For small businesses that use motor vehicles as part of their normal operations, commercial auto coverage provides important financial protection if a business owner or employee is involved in an accident.

Commercial auto coverage provides money to meet the financial responsibility if you, or a team member, are at fault in an accident and someone is injured, or the accident causes property damage.

Commercial auto coverage - which can also cover trucks and vans - is required under the laws of most states. In some states, businesses are also required to purchase coverage to protect them against uninsured or under-insured drivers.

Trying to register a commercial vehicle with a personal auto policy can result in a claim being denied following an accident.

Commercial auto coverage is important in several situations:

  • A car or truck is titled in the company's name. Personal auto policies won't cover vehicles that aren't registered to a person.
  • An employee drives the vehicle for work purposes.
  • The vehicle is used to deliver merchandise or transport people for a fee.
  • The vehicle carries equipment or has a trailer attached for business purposes.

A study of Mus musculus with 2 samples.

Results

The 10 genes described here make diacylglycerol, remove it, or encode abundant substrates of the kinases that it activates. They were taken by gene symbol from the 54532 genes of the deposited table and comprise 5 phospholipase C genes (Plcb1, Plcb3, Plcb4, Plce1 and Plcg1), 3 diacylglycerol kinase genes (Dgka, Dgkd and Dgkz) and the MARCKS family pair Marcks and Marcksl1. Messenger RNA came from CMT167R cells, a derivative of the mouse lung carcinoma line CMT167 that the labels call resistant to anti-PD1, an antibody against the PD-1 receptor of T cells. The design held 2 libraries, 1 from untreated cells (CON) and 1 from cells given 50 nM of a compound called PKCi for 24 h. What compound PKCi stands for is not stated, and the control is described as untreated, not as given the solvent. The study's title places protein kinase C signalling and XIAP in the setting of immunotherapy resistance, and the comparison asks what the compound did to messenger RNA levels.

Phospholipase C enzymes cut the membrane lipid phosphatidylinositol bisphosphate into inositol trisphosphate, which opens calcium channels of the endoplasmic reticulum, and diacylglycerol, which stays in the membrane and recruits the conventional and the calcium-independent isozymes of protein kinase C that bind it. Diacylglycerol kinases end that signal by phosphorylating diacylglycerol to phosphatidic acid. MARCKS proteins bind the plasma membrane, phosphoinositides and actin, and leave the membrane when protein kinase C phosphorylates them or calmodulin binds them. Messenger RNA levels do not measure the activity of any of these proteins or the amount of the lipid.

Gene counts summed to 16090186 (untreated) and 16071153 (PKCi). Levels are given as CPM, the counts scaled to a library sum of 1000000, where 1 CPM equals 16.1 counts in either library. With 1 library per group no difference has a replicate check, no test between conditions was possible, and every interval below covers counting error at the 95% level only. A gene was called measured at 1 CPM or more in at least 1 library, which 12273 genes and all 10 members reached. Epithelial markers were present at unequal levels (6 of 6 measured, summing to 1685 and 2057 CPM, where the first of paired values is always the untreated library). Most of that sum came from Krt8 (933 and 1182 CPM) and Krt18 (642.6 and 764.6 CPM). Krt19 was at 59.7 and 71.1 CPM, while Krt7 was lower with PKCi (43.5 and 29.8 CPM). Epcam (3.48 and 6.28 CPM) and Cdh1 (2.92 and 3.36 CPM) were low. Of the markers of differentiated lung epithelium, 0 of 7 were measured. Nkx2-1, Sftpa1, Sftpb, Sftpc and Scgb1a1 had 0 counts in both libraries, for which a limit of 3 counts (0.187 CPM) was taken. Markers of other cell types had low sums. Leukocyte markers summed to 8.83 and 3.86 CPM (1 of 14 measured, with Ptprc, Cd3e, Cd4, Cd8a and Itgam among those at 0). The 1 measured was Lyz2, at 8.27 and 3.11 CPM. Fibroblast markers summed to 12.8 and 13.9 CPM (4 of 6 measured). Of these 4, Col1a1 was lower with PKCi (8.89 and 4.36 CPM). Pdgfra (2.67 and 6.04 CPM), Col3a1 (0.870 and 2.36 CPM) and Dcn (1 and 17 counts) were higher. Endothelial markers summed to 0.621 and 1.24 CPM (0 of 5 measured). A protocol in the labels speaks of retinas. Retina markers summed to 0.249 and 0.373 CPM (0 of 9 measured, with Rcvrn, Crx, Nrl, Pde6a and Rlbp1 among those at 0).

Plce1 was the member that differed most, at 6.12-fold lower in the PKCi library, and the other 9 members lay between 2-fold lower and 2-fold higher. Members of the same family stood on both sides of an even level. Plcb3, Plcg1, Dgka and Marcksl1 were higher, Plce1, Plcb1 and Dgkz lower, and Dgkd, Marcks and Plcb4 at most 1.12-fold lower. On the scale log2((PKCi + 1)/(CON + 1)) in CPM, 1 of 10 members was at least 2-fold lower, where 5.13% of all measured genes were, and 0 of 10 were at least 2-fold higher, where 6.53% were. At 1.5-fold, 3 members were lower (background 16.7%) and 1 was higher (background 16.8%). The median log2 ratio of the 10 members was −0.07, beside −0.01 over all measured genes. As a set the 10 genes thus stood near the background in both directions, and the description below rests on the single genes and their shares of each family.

• The vehicle exceeds a certain gross weight.

Commercial auto policies have similar underwriting criteria to personal auto policies, with rate depending on how and where a vehicle is used. The cost of insuring a small delivery truck, for instance, will likely be higher than buying a policy for a car used by a sales rep making customer visits.

One of the most significant differences between commercial and personal auto policies, though, are the available coverage limits. Commercial policies typically have higher policy limits available than personal auto coverage, which can be important in arranging the appropriate level of protection for your small business.

Rented and Borrowed Vehicle Coverage

Small businesses should also evaluate their need to purchase coverage for hired and non-owned company vehicles.

Hired auto coverage, which can be added to a broader commercial auto policy or business owner's policy, is designed to protect the operation of cars or trucks that are rented for business purposes. If an employee has an accident while driving a rental car, the company can be held liable for any resulting third-party injuries or damage (the policy won't cover physical damage to the rented vehicle).

Similarly, non-owned auto liability coverage protects the company against liability stemming from an accident if an employee is using his or her personal car for business purposes. (Such as a team member running errands or visiting clients in a personal vehicle).